A NYAMANDLOVU woman accused of insulting President Robert Mugabe was yesterday acquitted after the State conceded that she had no case to answer.
Jeritha Nkomo was being charged with contravening Section 33 (2) (a) of the Criminal Law (Codification and Reform) Act Chapter 9:23 after being arrested in December 2010 for allegedly describing agricultural inputs distributed under the president’s input scheme as “Mugabe’s filthy things”.
She was also accused of uttering vulgar words.
According to a statement by the Zimbabwe Lawyers for Human Rights (ZLHR), the State was forced to climb down “in a case in which it had sought to use discredited insult laws to nail people accused of undermining the authority of or insulting Mugabe”.
“After pursuing Nkomo for close to three years on allegations that she insulted or undermined the authority of the president after she queried the partisan distribution of presidential agricultural inputs, the State on Wednesday 19 March 2014 finally conceded that it had no case at all,” the ZLHR statement read.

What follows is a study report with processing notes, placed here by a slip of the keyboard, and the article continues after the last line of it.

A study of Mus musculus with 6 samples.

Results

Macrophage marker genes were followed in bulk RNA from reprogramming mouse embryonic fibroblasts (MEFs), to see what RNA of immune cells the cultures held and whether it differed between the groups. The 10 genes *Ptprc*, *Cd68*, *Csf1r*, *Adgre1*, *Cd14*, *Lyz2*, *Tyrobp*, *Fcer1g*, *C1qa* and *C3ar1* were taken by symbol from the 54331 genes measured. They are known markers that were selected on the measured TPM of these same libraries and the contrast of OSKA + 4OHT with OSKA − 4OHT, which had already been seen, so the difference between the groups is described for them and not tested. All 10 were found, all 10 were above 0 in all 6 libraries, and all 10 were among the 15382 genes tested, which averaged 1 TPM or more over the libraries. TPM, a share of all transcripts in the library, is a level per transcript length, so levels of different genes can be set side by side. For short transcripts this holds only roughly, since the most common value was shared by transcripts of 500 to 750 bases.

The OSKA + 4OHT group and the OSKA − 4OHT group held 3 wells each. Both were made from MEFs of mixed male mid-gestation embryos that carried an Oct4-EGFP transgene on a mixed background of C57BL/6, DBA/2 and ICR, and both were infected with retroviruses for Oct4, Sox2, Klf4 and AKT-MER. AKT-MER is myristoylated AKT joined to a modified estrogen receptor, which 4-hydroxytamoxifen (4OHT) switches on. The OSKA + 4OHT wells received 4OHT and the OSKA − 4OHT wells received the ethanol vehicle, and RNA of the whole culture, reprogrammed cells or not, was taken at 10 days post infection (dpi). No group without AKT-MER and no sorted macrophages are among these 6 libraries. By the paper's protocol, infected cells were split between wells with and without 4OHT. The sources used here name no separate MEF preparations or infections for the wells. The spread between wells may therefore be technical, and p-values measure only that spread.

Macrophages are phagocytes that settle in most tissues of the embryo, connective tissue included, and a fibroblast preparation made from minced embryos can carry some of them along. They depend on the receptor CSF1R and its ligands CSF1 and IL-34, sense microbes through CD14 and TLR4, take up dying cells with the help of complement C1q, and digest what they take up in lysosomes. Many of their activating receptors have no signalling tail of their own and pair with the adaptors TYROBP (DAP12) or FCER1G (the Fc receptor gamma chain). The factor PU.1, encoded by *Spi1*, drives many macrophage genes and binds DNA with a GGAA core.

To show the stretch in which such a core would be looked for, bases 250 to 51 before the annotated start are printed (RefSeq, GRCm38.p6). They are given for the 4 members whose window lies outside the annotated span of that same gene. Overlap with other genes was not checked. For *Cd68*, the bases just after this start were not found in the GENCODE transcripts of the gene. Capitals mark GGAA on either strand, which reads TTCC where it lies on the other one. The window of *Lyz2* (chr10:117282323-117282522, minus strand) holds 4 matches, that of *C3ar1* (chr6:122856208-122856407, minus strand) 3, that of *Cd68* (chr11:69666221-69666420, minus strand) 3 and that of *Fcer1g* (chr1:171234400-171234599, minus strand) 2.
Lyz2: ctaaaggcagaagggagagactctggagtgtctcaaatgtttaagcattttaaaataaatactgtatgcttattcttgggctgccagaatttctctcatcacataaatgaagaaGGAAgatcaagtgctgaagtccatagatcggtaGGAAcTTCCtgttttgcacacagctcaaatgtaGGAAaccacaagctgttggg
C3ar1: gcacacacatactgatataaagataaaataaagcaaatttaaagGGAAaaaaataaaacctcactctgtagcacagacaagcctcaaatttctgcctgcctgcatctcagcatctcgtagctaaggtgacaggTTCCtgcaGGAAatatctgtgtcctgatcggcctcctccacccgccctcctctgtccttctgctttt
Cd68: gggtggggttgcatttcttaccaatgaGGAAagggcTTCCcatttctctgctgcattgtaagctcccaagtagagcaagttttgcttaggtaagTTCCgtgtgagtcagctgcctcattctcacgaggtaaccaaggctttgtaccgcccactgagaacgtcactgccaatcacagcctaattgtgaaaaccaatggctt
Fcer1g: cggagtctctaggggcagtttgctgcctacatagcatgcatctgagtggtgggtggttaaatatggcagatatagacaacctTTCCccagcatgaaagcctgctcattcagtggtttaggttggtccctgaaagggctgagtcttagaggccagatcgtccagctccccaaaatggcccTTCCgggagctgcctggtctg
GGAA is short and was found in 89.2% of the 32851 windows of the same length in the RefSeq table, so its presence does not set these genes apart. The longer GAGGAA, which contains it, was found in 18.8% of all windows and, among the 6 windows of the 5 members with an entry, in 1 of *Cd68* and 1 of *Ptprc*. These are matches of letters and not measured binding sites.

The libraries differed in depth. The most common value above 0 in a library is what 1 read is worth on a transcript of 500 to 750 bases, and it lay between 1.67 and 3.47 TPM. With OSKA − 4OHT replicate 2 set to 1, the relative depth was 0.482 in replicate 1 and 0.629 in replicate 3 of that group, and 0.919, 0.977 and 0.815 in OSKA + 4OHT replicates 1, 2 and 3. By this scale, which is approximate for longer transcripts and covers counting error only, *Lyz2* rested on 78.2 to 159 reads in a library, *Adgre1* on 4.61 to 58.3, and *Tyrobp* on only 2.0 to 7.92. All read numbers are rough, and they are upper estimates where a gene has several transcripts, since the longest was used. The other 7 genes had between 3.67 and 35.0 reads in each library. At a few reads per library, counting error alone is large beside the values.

ZLHR said the State conceded that Nkomo had been erroneously charged and prosecuted for insulting Mugabe.
“The concession by the State becomes the third one in which the State has had to eat humble pie and admit that individuals had been wrongly charged and prosecuted for allegedly insulting the president,” the lawyers said.
“Tawanda Zhuwarara of ZLHR, who appeared for Nkomo during the hearing of her constitutional application, informed the Constitutional Court that after reading the record and the submissions filed in the matter, the State had a change of heart and realised that no offence had been committed.
“Zimbabwe police have been overzealous in arresting anyone who says anything about Mugabe and these erroneous prosecutions highlight the fact that the offence of insulting the president is not only abused by the police, but also misunderstood by prosecutors,” ZLHR added.